To help bring international awareness to the November 28th elections in the Democratic Republic of Congo, ECI leadership traveled to the region to witness the process and hear from the National Election Commission, election observers, youth, women, and independent media.
The Congolese people went to the polls this week to elect a new president and a new parliament. Early indications are that the turnout was generally high with polling booths remaining open for up to two days after official closing time on November 28th. Eastern Congo Initiative (ECI) witnessed a high level of participation in the voting and celebrates that, in spite of great odds, election day was largely peaceful in the east of the country.
Given the Democratic Republic of Congo's (DRC) vast size and lack of adequate transportation infrastructure, it is not surprising that the elections occurred with a myriad of technical and logistical problems. It seems that in much of the DRC citizens were able to vote under relatively peaceful conditions. We were encouraged by the proactive and peaceful behavior of the voters in the activities that we witnessed.
However, ECI is concerned that throughout the country the voting process was compromised by allegations of fraud, targeted violence and a simple lack of capacity of
CENI to implement elections that could be considered accessible, free and fair to the entire electorate.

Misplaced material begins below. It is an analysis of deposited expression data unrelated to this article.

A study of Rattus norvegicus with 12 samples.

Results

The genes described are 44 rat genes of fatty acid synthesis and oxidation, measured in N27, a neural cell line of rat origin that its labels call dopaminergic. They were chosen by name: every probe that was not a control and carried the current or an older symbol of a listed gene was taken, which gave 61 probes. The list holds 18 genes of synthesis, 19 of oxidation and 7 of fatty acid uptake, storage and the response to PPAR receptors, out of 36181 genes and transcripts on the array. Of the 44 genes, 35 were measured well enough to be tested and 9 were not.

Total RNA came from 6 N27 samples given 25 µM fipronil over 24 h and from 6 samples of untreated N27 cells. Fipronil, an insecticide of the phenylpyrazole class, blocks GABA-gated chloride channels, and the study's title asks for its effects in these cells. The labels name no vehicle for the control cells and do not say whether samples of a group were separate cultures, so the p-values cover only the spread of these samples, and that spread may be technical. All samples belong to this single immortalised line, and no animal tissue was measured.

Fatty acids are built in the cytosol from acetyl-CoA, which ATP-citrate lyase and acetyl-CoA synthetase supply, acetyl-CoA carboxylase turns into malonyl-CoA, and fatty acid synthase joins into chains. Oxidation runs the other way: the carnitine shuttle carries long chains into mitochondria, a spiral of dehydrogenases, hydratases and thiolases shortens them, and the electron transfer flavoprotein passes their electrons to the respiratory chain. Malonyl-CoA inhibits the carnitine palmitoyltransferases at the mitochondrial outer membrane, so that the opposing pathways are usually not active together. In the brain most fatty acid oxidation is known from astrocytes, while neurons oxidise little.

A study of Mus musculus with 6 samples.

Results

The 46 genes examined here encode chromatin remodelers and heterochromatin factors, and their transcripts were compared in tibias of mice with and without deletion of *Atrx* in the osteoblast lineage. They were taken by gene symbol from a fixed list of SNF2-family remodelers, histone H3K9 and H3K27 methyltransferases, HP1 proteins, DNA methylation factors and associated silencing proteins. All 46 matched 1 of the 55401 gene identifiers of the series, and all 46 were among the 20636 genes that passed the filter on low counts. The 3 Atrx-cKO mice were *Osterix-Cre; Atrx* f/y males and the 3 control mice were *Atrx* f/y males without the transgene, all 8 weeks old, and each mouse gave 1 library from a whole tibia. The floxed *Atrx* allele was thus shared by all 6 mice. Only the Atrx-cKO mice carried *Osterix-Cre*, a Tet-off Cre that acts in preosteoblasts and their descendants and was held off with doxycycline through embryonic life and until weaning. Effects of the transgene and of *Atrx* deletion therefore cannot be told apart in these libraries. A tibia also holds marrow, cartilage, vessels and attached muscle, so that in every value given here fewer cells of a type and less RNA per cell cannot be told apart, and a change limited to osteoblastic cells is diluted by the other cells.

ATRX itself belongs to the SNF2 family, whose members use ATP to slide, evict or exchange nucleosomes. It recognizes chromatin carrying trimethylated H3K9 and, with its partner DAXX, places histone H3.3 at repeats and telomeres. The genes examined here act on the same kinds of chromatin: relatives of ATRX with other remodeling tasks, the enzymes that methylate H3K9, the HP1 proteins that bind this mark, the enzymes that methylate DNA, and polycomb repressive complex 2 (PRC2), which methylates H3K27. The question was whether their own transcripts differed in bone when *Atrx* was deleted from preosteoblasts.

Represented by Founding Member Cindy McCain and Founding Member and CEO Whitney Williams, ECI witnessed first-hand in North Kivu province that many women were prevented or hindered from going to the polls. In a country where perhaps more than half of all women cannot read or write, the Electoral Commission neglected the need to assist illiterate people in gaining access to the polls. In nearly all of the polling stations we visited, especially in rural districts, many women were clearly confused as they attempted to vote. They were not aware that they could be supported by a literate assistant, and reported that they left the polling stations unable to vote. In some cases, they reported being encouraged to leave the polls but did not, instead staying for many hours hoping for the chance to cast their vote. Unfortunately, this shows that the CENI did not adequately communicate rights to illiterate voters and did not have the resources onsite to support the volume of voters with such needs.
While it is too early to pass definitive judgment on the freeness and fairness of the election, we encourage the Congolese and international observation missions to investigate if there have been any organized efforts to disenfranchise voters, especially women and the illiterate, during the 2011 elections.
As the Congolese people wait for the results of their election, it is time to consider what happens next. Fears of post-election violence are widespread and ECI calls on all parties to refrain from the use of violence to resolve political conflict.
ECI believes in Congolese solutions for Congolese challenges. This election process has shown that the Congolese people want their voices heard and that there is an overwhelming desire for good governance, security, economic opportunity, and social development.
The Congolese electorate deserves a future where their basic rights are respected, including the right to freely accurately reflect their will. We hope that in the coming crucial weeks that these core aspects of the democratic process, which require transparency and openness, are adhered to by election officials.